Not loving your Uber experience? Is your Lyft driver being unpleasant?
As you pull out your phone to tap 3 stars instead of 5, remember one thing: they’re rating you, too.
After all, this two-way feedback is one of the key differentiators between a ridesharing service and taxicabs, along with other advantages: a less expensive ride, requesting a car on your smartphone, seeing the vehicle arrive on an overhead map, and not worrying about cash exchanges when you reach your destination.
So why should you care about a low rating from a driver, anyway? Well, it brings your overall average score down, and while you won’t necessarily be banned by the service if it plummets – being kicked off Uber or Lyft is determined on a case-by-case basis – a low rating could mean fewer drivers will want to pick you up.
Here, we look at how to see your rating, and ways to improve it.
Find Your Rating
The location of your rider rating varies depending on the service.
With Uber, it’s uber easy. After you’ve taken at least five trips, simply open the app and touch the menu icon – the three horizontal lines in the top left corner of your smartphone screen – and your rating is the number displayed under your name, such as 4.6.
Previously, you had to go to the Help>Account section, which required multiple taps.
It’s not as easy with Lyft. You’ll need to ask your Lyft driver for it, contact the company via the app, or send an email with the request.
Note: Once you know your rating (out of 5 stars), you won’t see which driver gave you what. But if your rating was 4.9 before a certain ride, and then falls to 4.78, you can deduce who gave you the lower score.
Improve Your Passenger Rating
Boosting your rider score isn’t rocket science, says Lexi Levin, in Consumer Communications at Uber. In fact, you can make a good impression even before you step into the car.
A few tips:
1. Be on time
“Time is money, and no one likes to be kept waiting,” says Levin. “Always try to meet your driver on time. If you’re running late, call or send a text to let them know you’re on the way.”
Siamak Omanesh, a seasoned Lyft driver, agrees. “Remember, everyone is a 5-star when you request a ride, so to keep it there, the first tip is to make sure you’re not late.”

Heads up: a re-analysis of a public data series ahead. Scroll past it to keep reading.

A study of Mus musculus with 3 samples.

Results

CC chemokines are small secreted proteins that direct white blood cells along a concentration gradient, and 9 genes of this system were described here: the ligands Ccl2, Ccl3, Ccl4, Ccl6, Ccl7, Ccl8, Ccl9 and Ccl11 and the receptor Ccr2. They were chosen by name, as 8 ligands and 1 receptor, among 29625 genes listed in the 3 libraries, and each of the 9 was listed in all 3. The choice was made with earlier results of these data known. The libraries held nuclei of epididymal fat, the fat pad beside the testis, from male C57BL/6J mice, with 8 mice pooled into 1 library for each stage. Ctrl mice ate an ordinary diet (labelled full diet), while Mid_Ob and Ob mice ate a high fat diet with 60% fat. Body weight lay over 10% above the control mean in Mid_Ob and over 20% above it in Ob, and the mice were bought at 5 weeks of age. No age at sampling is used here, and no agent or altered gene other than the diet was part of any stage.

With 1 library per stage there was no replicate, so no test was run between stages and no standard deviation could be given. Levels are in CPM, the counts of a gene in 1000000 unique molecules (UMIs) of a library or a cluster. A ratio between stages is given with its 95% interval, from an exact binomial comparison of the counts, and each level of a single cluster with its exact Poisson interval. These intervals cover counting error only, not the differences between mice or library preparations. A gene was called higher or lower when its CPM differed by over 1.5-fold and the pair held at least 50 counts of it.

“If you are, you can easily contact the driver to let them know what’s going on. It’s common courtesy,” adds the 55-year-old, who puts in about 40 hours a week as a Lyft driver — and works full-time at a supermarket, too.
Another issue, says Omanesh, are GPS glitches when your phone is sharing its location with the driver. Therefore, riders should review their map location and tweak if necessary (by moving the pushpin on the map), and don’t blame the driver if it’s not clear.
2. Be respectful
People who use Uber come from all walks of life reminds Levin, therefore “please respect those differences in your conversations and behaviour. We want all riders and drivers to always feel welcome.”
“You’re more likely to get a lower rating if you have your nose up in the air,” adds Omanesh. “Treat me like a fellow human being, as I will to you, and it will be a pleasant ride.”
On a related note, have respect for the driver’s car, says Levin. “Uber drivers use their own cars, so please be careful when opening and closing doors, and try to avoid making a mess. That might mean enjoying your burrito in the backseat isn’t the best idea.”
Omanesh confirms one of his pet peeves is being asked to go through a drive-thru, riders eating in the car, and sometimes spilling food and drinks, and leaving trash behind. “This means a zero star,” he says.
That said, Omanesh understands many use ridesharing services after drinking, so they don’t have to drive. “I’ve often helped drunk people walk up to their doors and use their keys — but there’s no excuse for being rude or messy.”
3. Follow the rules, go with the flow
Another way to lose points as a rider? By not following the rules, says Levin. “Buckle up, don’t carry open alcohol containers, and don’t ask your driver to speed.”
All three of these scenarios happen every day with Uber and Lyft drivers.
Also, don’t smoke or vape in the vehicle. Don’t even ask if you can. Don’t hit on your driver. Don’t do anything obscene with a special someone beside you. Don’t be obnoxious on phone calls.
This is all common sense, folks. And don’t threaten to rate drivers poorly as leverage.
Omanesh says he can tell if riders are “chatty,” and will do it, “even if I’m not in the mood.” “This is a service industry, so I’m there for the rider.” And if riders want a silent ride or some music, he will comply, too.
“Not all drivers like it, but I’ll also let riders play their own music if they like,” adds Omanesh.
4. Tip your driver (even a little), and other suggestions
While Lyft always offered this, and Uber a little more recently, adding a tip will make the driver happy and will likely mean a higher rider rating from them. Even if it’s a buck or two. Will you really miss it?
- Verify it’s the right vehicle before you get in: Make sure you’re getting into the right car by checking the license plate and asking your driver who they’re picking up. This way, you can be sure you don’t get into someone else’s Uber.
- Give people space: It can be close quarters in a car you’re sharing with other riders. Be sure to respect everyone’s personal space. “No one wants to feel cramped, uncomfortable, or unsafe,” says Levin.
- For those sharing a ride with others, you can’t change your destination or the drop-off order. If you ask drivers to do this, they will likely give you a bad rating. After all, they’re not getting paid to go out of their way for you (plus they risk a bad rating from other passengers).
- When you get out, say “thank you.”
- If you check your rating and it’s lower than you like, the only way to make it better is to take more rides and be extra courteous. It may take a while, but that 3.8 can grow to a 4.5 in no time.